A study discovered that almost 75 percent of consumers were likely to switch to competitors following negative call experiences, whether inbound or outbound. E-Complish’s DirectPay, a customizable interactive voice response (IVR) system, lets you create unique greetings, messages, and prompts. It’s the quick and affordable way for any insurance member to make an IVR payment 24/7. Keep more users by avoiding mistakes that drive people away. Better communication alternatives will improve customer satisfaction and retention.
Limit Menu Options
Overwhelming busy customers who are in a hurry is unwise. Giving users a slew of lengthy selections may seem vital and convenient, but it makes their frustration mount when they want a quick answer or to make a quick payment. Extensive call menu levels might appear helpful but can actually lead to an increase in hangups before customers complete needed actions. So, simplify instead. Limit your menu items to between three and five brief choices in just two levels. Otherwise, you will confuse and lose clients.
Deliver Key Information Early
Customers need assistance promptly. If IVR messages start with useless information upfront and delay the most important details until the end, disappointed users will hang up and may choose another insurance company.
Use Laymen’s Terms
Industry jargon in announcements and prompts can baffle many customers. Ask people of various ages who are unfamiliar with insurance lingo to test your computerized phone system. Reword anything that’s hard to understand to universally recognized layman’s terms.
Make Prompts Relevant
Nonspecific automated voice prompts any other business or industry could use fail to set your establishment apart as unique and helpful. Your IVR is a branding tool that influences the first impression your organization makes. So, avoid generic, confusing, weak, and boring language.
Keep Voice and Volume Consistent
Changing voices, pitches, timbers, and volumes is jarring to listeners. That’s as unsettling as websites that switch from red to pink to orange backgrounds. Use one brand-consistent announcer that’s easy-to-understand, relatable, and trustworthy instead.
Maintain a Reasonable Speaking Pace
Listeners may not grasp all necessary information in fast-talking messages. Repeated attempts to comprehend details correctly will frustrate them. Announcements that are too slow can sound patronizing and make customers lose interest. Keep all recordings at an average pace everyone should appreciate.
Address Users’ Priorities
Call centers that wonder why users complain about IVRs or select the wrong options need to experience the customer journey. Becoming a study participant reveals what patrons go through so you can keep acceptable features and fix inadequate ones.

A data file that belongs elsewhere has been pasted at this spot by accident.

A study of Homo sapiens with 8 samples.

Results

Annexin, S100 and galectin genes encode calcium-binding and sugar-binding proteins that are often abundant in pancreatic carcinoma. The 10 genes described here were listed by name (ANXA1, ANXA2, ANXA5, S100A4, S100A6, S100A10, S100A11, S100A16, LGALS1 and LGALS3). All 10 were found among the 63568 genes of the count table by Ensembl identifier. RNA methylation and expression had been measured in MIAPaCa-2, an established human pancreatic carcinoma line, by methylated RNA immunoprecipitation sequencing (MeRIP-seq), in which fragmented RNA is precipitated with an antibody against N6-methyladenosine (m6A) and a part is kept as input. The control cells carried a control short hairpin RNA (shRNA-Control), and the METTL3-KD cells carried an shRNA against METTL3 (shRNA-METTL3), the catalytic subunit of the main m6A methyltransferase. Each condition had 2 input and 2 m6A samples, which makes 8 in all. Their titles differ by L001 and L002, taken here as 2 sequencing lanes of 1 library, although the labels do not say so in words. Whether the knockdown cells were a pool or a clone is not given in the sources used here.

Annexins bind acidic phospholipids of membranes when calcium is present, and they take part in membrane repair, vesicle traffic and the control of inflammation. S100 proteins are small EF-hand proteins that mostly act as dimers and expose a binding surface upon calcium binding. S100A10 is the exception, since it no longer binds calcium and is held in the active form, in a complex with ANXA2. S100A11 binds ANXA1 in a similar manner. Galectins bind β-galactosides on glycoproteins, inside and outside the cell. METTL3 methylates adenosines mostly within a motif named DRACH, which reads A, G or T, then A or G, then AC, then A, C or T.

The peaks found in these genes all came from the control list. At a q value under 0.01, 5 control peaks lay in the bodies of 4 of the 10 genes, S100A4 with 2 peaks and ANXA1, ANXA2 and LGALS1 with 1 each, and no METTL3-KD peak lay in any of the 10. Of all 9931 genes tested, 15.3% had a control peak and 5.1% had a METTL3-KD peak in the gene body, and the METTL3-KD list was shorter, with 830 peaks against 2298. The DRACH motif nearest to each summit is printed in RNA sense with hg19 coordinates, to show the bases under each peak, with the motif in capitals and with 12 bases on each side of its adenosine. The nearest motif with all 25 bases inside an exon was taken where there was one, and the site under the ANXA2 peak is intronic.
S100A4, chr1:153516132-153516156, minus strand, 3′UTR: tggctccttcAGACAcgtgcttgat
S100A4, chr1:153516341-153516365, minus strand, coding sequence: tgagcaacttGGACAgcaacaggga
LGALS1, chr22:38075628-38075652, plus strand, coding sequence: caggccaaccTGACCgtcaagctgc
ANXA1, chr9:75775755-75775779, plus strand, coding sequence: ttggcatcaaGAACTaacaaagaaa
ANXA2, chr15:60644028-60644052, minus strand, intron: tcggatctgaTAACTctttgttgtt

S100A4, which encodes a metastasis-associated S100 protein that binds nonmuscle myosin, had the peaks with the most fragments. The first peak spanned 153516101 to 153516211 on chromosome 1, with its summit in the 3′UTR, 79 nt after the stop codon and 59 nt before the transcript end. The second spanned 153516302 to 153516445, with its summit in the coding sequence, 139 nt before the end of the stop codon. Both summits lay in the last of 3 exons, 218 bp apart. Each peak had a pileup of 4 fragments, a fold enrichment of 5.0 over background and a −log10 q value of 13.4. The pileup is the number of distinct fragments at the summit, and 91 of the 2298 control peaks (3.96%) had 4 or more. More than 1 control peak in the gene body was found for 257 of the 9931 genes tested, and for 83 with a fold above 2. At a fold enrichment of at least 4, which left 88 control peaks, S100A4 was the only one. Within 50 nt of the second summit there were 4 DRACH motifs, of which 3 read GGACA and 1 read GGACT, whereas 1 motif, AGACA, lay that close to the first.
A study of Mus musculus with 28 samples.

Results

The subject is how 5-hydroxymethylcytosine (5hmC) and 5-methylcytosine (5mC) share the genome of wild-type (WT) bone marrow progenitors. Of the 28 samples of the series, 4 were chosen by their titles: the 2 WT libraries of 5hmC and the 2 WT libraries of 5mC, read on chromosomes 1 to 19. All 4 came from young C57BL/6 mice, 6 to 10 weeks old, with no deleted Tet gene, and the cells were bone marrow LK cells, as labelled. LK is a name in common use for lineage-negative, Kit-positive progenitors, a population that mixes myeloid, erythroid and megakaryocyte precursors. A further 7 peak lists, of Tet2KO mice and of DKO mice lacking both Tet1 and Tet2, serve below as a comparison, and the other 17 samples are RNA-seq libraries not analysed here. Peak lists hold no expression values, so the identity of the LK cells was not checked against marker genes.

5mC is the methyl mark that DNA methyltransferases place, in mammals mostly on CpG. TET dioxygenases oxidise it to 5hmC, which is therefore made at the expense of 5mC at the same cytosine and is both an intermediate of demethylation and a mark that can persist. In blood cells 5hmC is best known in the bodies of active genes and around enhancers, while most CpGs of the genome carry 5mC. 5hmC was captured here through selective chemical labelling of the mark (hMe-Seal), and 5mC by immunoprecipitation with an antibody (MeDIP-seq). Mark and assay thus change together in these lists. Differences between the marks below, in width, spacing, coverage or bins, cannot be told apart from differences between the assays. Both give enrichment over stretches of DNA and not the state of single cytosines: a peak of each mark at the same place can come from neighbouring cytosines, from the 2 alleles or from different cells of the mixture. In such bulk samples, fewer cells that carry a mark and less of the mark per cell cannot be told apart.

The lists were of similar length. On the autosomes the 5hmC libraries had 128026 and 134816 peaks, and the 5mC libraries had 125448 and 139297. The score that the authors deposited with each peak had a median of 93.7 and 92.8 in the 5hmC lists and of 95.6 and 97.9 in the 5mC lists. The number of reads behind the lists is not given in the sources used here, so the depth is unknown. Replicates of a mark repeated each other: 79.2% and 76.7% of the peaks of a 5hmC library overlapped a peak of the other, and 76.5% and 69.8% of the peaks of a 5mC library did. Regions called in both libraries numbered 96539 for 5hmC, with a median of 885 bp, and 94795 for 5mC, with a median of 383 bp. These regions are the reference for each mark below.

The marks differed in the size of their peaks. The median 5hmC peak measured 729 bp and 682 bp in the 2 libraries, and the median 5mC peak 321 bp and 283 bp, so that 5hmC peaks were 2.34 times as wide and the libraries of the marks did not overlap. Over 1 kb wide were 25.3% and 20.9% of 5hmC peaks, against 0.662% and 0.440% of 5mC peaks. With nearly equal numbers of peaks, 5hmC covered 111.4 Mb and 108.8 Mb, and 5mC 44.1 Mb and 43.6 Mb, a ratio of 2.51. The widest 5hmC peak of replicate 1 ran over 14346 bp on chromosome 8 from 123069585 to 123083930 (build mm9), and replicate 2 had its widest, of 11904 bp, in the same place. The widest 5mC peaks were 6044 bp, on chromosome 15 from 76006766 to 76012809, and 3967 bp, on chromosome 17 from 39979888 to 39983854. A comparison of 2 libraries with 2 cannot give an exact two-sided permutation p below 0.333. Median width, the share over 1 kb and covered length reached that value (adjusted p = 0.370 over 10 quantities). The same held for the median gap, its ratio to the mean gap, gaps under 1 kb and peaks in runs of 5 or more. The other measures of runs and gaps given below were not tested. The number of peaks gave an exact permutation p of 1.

Skip Non-Essential Compliance Notices
Even though IVRs remember to deliver compliance announcements and are cost effective compared to live agents, turning yours into your lawyer spouting non-essential regulation messages is a pointless time waster. Also skip legalese; long-winded and confusing statements make customers feel like you’re putting them on trial.
Alternate On-Hold Messages
Waiting for assistance irks busy people, if they need to speak with a customer service agent. And hearing just one speech repeatedly every 30 seconds drives already displeased customers crazy. Adding some variety with three alternating on-hold messages will avoid irritating impatient users further.
Play Neutral Background Music
Hearing loud, distracting music during on-hold periods annoys customers to the point of hanging up before completing their business. And anything not reflecting your brand image is a disservice to your company. Choose background selections that bring neutral reactions over ones that provoke aggravation.
Establish a Revision Plan
Your preliminary IVR objectives may be clear. But over time, they’re likely to fluctuate. Various factors can turn an original positive user experience into a negative one later. Decide how to manage inevitable changes when you implement your automated solution initially.
Not letting customers share their opinions of your virtual agent is a problem many firms need to overcome. The best way to know which IVR aspects are helping and hurting your insurance business is asking users for feedback. End calls with short surveys or simple questions to draw out patrons’ honest replies. Then upgrade your setup to accommodate the most frequent responses.
Review and Improve Your System Regularly
Treat your programmed attendant like an employee. Establish performance standards aligning with your call center or organizational objectives for it to meet. Examples include your IVR’s impact on satisfaction ratings and incorrect routing. Unless you measure your automated phone system’s success, you’ll never know whether it’s effective. Monitor announcements and prompts regularly, removing, replacing, and adding options immediately as necessary.